As Perforce CEO and founder Christopher Seiwald said in his 2011 Perforce User Conference keynote, the traditional approach for Perforce releases, “evolution not revolution,” is no longer capable of meeting all of our customers’ needs.
CEO Christopher Seiwald (right) and P4 Peeps at
Streams Launch Party
In a world that increasingly expects intelligent tools, open interfaces, and the versioning of all types of assets, a more radical and accelerated roadmap is needed to meet those demands. However, it is critical that these changes are introduced without compromising the traditional reliability and high performance that existing Perforce users depend on.
The Perforce 2011.1 release marks the first to be made with these new goals in mind. In this article, some of the major changes are highlighted, along with reasons why they’re important and tips on how to start your upgrade planning. For a definitive list of the changes, see the latest release notes.
Perforce Streams is built on concepts first introduced in the book Practical Perforce by Laura Wingerd several years ago. The buzz really started building at the 2011 Perforce User Conference in San Francisco, gained momentum with great webinars, videos, and blog postings, and continued on with the EMEA Innovation Roadshow tour.
Users will benefit from a powerful model that understands branches, resulting in fewer changes being incorrectly merged or missed altogether. They will be able to switch between development and maintenance quickly and safely with simple operations to switch context and automated preparation of their work area for the next piece of work.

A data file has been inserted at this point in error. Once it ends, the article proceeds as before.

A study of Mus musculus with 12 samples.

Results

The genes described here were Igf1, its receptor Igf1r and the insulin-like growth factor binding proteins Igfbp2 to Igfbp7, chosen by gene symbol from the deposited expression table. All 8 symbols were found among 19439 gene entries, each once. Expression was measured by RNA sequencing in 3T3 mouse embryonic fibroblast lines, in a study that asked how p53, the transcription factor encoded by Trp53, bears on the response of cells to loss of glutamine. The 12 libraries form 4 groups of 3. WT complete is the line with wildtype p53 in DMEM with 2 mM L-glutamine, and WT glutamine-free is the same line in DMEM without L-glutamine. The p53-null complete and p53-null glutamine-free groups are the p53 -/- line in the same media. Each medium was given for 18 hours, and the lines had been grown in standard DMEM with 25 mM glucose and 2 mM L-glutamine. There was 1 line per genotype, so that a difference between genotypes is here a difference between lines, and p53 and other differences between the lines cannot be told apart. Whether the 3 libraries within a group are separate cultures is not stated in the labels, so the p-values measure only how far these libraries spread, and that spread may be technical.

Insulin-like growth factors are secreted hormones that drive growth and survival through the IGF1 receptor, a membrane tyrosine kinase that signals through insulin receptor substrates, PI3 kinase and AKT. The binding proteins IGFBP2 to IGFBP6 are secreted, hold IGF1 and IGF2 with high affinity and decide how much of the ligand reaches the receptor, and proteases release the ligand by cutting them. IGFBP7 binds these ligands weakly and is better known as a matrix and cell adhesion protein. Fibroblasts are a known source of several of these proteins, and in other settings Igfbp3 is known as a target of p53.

Although streams may be the most obvious and major change in the 2011.1 release, the core merge engine (long regarded as one of the clear strengths of Perforce) has undergone major review and update to ensure it keeps its leadership position.
The new merge engine results in quicker and simpler merges. Support for file renaming, file deletes, and changes to filetypes in different branches are handled intelligently. “Cherry-picked” revisions are handled correctly in later merges. Overall, many more merges can be performed automatically and safely without manual intervention or complex scripting.
And Much More…
- In addition to the support for Streams, new simplified merge, copy, and branch dialogs are available in P4V, as well as a powerful new filter builder that makes it easier to find files, changelists, or other Perforce objects.
- Previously undocumented but well-known commands are now fully supported. For example, “p4 interchanges” can be used to report on changelists (not just files) that have yet to be merged between branches.
- “p4 diskspace” makes it easier for Perforce admins to understand disk space usage for important server storage volumes.
More to Come
Perforce 2011.1 is a significant release for all existing and new users—but it’s only the first step in the “revolutionary” roadmap. Other new capabilities previewed at the User Conference such as P4Sandbox, Chronicle, Commons, and new Visual Studio and Eclipse integrations are all in progress and will be available in the near future.
In the meantime, all users can start planning to upgrade by downloading Perforce 2011.1. If you have any questions regarding the new release or how to upgrade, contact us via the forums or at firstname.lastname@example.org.
Mark Warren is the EMEA Product Marketing Manager at Perforce, based in the UK. Mark has over 25 years of experience working with development and product management teams in software development tools and configuration management.